The Summer Undergraduate Research Program (SURP) is a rigorous 10-week internship program funded by the U.S. Department of Education Institute of Education Sciences as part of the Virginia Education Sciences Training (VEST) pre-doctoral fellowship program.
SURP provides undergraduates from underrepresented populations with valuable research and professional development experiences under the guidance of U.Va. Faculty. Interns are mentored by faculty and graduate' experiences, interests, and the research.
The interns highlighted here are working primarily with Vivian Wong, Ph.D., and Daphna Bassok, Ph.D at the Curry School of Education and EdPolicyWorks. The research project entitled "Examining the Expansion of State Pre-Kindergarten Programs on Private Preschool Markets" examines the impact of state pre-kindergarten programs on private childcare markets.
Karen A. Fernandez attends Mount Holyoke College and is majoring in Psychology with a minor in Educational Policy and Practice. Her research interests include English Language Learners, bilingual education, best practices for Special Education instruction, and the ways in which state and federal education policies affect students with exceptionalities.
Question: How did you get interested in SURP?
Fernandez: I was looking for summer internship opportunities, and found SURP online. I noticed one of the alums was a Mount-Holyoke student, so I reached to her. She told me how great the program was and how much direct research mentorship I would get. I knew I wanted to get a Ph.D, but wasn't sure which was right track for me. This type of intense research program, that provides lots of mentorship and support, was ideal for me to get more experience!
Question: What has been most beneficial for you in SURP?
Fernandez: I've learned a lot about the different paths people can take in their careers in educational science. Seeing these different paths and how there is no right or wrong way to do it has been a very reassuring thing for me. I used to think I had to go right into graduate school, but now I know I could work public schools to see what needs to be improved on which would eventually lead me to my research as a PhD student later. This program has definitely made me think differently about the different paths that I could take after college.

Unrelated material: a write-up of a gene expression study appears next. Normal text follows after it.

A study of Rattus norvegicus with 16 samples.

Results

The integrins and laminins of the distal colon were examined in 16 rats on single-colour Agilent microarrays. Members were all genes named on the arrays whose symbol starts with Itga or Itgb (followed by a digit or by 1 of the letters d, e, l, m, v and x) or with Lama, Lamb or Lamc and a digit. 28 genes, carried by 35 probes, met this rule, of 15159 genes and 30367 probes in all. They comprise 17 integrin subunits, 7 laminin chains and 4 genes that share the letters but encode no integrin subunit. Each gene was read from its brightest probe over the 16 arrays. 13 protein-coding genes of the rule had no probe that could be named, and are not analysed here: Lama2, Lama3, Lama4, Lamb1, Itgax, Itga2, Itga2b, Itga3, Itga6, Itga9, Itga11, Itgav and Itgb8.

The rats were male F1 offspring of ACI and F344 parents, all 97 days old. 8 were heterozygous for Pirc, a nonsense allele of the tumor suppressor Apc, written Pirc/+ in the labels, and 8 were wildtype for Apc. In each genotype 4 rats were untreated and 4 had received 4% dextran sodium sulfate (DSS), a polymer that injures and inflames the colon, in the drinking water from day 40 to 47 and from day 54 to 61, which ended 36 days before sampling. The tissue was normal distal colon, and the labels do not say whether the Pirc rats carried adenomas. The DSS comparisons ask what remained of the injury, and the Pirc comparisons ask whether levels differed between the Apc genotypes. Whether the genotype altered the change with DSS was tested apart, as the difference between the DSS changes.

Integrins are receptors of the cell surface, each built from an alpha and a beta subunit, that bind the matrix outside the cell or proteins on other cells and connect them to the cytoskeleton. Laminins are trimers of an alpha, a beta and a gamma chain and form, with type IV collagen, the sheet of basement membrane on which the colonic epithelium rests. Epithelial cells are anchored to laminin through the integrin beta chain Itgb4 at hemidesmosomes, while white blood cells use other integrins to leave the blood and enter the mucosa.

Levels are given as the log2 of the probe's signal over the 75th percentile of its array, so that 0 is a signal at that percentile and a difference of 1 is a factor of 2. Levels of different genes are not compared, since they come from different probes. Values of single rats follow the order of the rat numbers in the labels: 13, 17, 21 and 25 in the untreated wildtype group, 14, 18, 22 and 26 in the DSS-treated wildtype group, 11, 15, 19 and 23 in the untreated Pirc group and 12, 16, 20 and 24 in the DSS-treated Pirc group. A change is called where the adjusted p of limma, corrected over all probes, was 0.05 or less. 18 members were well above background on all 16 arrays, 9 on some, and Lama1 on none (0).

Joshua Hughes attends Claflin University where he is a psychology major with a minor in philosophy. His passion is to influence youth to pursue education and help improve their lives.
Question: How has the research experience with SURP helped you think about other research you are doing?
Hughes: This program has been a great way to help me think about my senior thesis at Claflin. I have been thinking about ways I could take my SURP research and extend it as a project for my thesis. I'm interested in family structure and success, and trying to see if students that come from single parent families or families with two biological parents have higher GPA and graduation rates. My SURP research is looking at childcare centers and family childcare homes, and how different communities have unequal access to high quality programs because of lack of funding or resources. All my SURP experience has made it easier for when I'm going to have to do my own senior thesis.
Question: How has SURP helped you think about your career?
Hughes: A number of aspects of this program have helped me think about my career. During one of our faculty lunches, I got to interact with someone who was a social worker and now doing research. My affiliate mentor, who is a graduate student in psychology, has also given a lot of information about that type of career. Finally, in our faculty advisor meetings, we are mapping out our career trajectories and getting advice on different paths to choose in educational science. All these things have helped me solidify my career.
Fernandez and Hughes are the second group of SURP interns interviewed in the 2016 series, and you can read more about the other interns on our alumni website.